Tune in every Wednesday for a weekly "small dose" of advice, an explanation, or an interview with a web veteran. Lauren Bacon has mentored and coached many web professionals as they were starting out and loves sharing all that she's learned from her 15-year career as a designer, front-end developer, and agency principal.
Skill Level Beginner
- [Narrator] Hi, I'm Lauren Bacon and welcome to this week's edition of the Web Career Clinic where I explore how to build a career you love making good stuff on the web. This week I decided to reach out to one of my favorite UX professionals, Magga Dora Ragnarsdottir, and ask her to share three things about user behavior that might surprise you. I asked Magga, are there things you need to repeat over and over again? What do people not get about UX? And this is what she told me.
You are not the user. And I know that's probably what you'd expect a UX person to say, but what she said next struck a chill in my heart because I know I've been guilty of this. She said that when she starts a project and asks who she can talk to to learn more about what users want, Very often the response she gets is oh, you can talk to me, I've been the project manager for the past 10 years, so I know everything.
Now I don't know about you, but that made me cringe in recognition. It's so easy to start to believe that we know all there is to know. Or worse, that we know better than our users. So, please stop doing that. Go directly to your users and stop assuming that you can predict what they want or how they're going to interact with your work. Go out and observe them. Do a user test and see them actually interacting with your product.
I guarantee there will be some surprises. You might find out that they can't find the next button, or they don't know what will happen if they click it. You might discover that they figured out their own way of using your site or app that you never imagined. So, go, talk to them, you are not your user. If you want a refresher on how to run user testing, be sure to check out the Web Career Clinic video, Quick and simple user testing.
Okay, back to the wisdom of Magga. She gave a great talk called How to get rid of those pesky users. I'll share the link with you in a minute. And at one point she said something that really struck me. She said, users flow like water. That is when a person sets out to accomplish a task, they'll find a way that's easiest for them and as soon as they hit an obstacle, they'll go a different route. So, if your system seems too difficult, they'll find a work around. Or they'll give up.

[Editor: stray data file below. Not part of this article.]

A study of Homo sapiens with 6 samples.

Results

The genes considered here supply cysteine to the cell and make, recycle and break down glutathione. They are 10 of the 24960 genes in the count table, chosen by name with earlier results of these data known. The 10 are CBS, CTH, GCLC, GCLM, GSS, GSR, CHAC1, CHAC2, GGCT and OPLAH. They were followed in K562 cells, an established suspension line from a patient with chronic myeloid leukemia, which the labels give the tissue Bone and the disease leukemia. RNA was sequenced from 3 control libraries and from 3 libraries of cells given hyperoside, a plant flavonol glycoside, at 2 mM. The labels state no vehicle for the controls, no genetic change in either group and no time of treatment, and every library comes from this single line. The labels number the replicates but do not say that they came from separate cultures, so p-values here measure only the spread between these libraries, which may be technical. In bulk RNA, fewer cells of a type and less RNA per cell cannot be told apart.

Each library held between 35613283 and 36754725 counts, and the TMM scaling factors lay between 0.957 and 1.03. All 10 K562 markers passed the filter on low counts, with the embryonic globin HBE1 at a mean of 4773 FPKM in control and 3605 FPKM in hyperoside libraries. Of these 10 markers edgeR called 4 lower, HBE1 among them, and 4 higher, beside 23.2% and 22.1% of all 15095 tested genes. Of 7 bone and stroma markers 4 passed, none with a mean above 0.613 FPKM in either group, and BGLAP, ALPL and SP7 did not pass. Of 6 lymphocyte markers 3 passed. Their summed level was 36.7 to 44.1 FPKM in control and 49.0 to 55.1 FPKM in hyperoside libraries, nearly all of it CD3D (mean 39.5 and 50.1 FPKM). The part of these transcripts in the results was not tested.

And neither of those things is what you want to have happen. Now, as a person who makes stuff, of course you're always trying to make things easy to use. So, this is where user testing comes in again. It's not that you can never know how to make things easier, but you can't just operate on your own assumptions all of the time. Because a sequence or approach that makes sense to you might not be obvious to everyone. It's in testing your assumptions that you'll learn how to serve your users better.
Or as Magga told me, we always forget that when we're designing things without our users in the room, we are only optimizing for ourselves. Here's the paradox. As you become more expert at your job, you'll likely develop systems for approaching challenges that in some ways make your work better, but they still need to be tested. And this is hard to swallow because you may fall into the trap of thinking, well, this is just like the way we approached this other project and that one works great, so this should work great, too.
But Magga says that even if you're using a well established design pattern, for example, there's an art to placing it in the right context. You might be able to reuse a particular approach to a drop down menu or a search field, but knowing where and when to present the menu or the search field requires testing and iteration. There you have it, three surprising things about user behavior courtesy of Magga Dora Ragnarsdottir. I want to thank Magga for allowing me to paraphrase her ideas.
Her talk How to get rid of those pesky users is available online and I highly recommend it. There's far more detail than I've recapped here including some fascinating exploration of some of our human frailties, like a flawed memory and poor decision making. She's a brilliant thinker. Find her at madpow.com and on Twitter @maggadora. Thanks for joining me today. Tune in next time as I explore another topic for web professionals. Bye for now.